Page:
Written by Tom King and Scott Snyder
Art by Mikel Janin
Colors by June Chung
Published by DC Comics
Last week, DC published a great big apology to the fans with DC Rebirth #1, a book that admitted that things had gotten dark and murky and promised a little more joy while still appreciating the legacy without obeying each strand of continuity. It was an amazing gesture, and we loved it at Ultimate Comics. This week, DC has to put their money where their mouth is, applying this Rebirth idea to their most popular character while transitioning one of his best writers off the book.
It helps that the new writer has done excellent work on Grayson (and Sheriff Of Babylon and The Vision, if you need to look outside the Bat family). And it helps even more that the artist in this transition issue is Grayson’s own Mikel Janin, who has been doing amazing stuff with page layouts and sex appeal. So the main job here is for Tom King to say that what he does well with Batman’s old protege will work for Batman.
And it does.
The story is a neat little one-shot. The Calendar Man has a Doomsday machine hidden somewhere in Gotham that makes a whole season happen in a single day, and when we get to spring again, everyone in the city is going to die. Batman has to stop him, of course, but he also has to defend the lunacy of continuing the fight against a never-ending parade of homicidal psychopaths. And in the process, he defends DC publishing decisions, as metatextually as last week’s four-color mea culpa.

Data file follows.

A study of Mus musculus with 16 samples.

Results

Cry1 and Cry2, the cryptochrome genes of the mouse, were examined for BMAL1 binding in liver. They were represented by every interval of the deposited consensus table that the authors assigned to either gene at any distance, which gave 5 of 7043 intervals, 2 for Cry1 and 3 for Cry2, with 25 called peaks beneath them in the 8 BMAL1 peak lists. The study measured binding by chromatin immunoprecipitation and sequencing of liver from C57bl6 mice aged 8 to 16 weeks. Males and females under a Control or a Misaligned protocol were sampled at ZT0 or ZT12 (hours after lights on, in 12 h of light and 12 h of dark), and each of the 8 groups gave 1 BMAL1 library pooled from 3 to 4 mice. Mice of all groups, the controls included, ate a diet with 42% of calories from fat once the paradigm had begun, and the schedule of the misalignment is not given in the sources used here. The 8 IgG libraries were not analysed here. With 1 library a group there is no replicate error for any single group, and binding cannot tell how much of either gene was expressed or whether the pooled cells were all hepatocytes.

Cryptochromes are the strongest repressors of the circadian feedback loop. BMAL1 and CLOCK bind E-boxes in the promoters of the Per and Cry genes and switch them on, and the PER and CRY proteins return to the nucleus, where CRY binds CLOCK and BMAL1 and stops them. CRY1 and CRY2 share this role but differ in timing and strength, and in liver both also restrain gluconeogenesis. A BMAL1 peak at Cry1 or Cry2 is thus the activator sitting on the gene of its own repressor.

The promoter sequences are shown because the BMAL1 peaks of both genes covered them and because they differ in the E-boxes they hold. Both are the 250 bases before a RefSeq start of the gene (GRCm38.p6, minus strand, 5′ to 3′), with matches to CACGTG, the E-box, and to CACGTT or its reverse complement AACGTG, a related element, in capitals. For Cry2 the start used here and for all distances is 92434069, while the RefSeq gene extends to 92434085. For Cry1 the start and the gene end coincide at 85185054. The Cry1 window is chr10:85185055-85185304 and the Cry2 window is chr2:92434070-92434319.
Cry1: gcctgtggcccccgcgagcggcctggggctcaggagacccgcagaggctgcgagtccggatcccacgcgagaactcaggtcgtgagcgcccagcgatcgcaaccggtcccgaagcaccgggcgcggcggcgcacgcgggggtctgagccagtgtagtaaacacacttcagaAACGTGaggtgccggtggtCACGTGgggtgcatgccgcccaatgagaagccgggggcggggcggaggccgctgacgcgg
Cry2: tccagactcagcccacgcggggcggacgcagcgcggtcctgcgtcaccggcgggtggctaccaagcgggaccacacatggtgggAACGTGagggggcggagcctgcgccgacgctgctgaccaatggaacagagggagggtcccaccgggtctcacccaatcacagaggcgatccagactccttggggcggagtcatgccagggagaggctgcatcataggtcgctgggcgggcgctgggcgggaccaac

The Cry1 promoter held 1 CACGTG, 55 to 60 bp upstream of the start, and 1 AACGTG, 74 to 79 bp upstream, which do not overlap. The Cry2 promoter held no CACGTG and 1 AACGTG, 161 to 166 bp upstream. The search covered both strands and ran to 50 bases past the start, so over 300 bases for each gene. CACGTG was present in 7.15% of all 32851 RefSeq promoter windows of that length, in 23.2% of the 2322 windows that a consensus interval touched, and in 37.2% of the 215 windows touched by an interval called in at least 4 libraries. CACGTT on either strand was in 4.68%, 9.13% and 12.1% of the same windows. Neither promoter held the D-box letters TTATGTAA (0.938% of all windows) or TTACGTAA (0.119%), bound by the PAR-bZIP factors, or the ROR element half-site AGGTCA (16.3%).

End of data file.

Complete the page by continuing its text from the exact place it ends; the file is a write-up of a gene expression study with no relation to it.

See, comics are a serial medium. The bad guys come back because a book has to get to the printer every month. But rather than look at this as pointless, Tom King defends that this is life. We are going to get hungry in a few hours, but we have lunch anyway. You’ll probably get a cold again next year, but your doctor is willing to dig in and help you be as healthy as you can today. A public defender is pretty sure her client is going to do it again, but she does what she can because maybe this time, it’s going to work. And that’s what’s important about DC. They make mistakes. Huge, linewide apocalypse mistakes. But they come back. Just like the Calendar Man, they go through autumns and winters, but they have spring again. And it is clearly spring for fans of Batman. Yes, in the future, readers will be outraged and swear to quit forever. But that’s like saying it will never be summer again. Please don’t buy books you don’t like. Don’t support work you find uselessly distasteful or offensive. But remember that this is a business of cycles, and you can always come back.
If you’re ready to come back to Batman (and really, even if you hated the New 52, Batman was consistently amazing throughout), head on down to Ultimate Comics in Chapel Hill or Raleigh for Batman Rebirth #1. It’s spring again.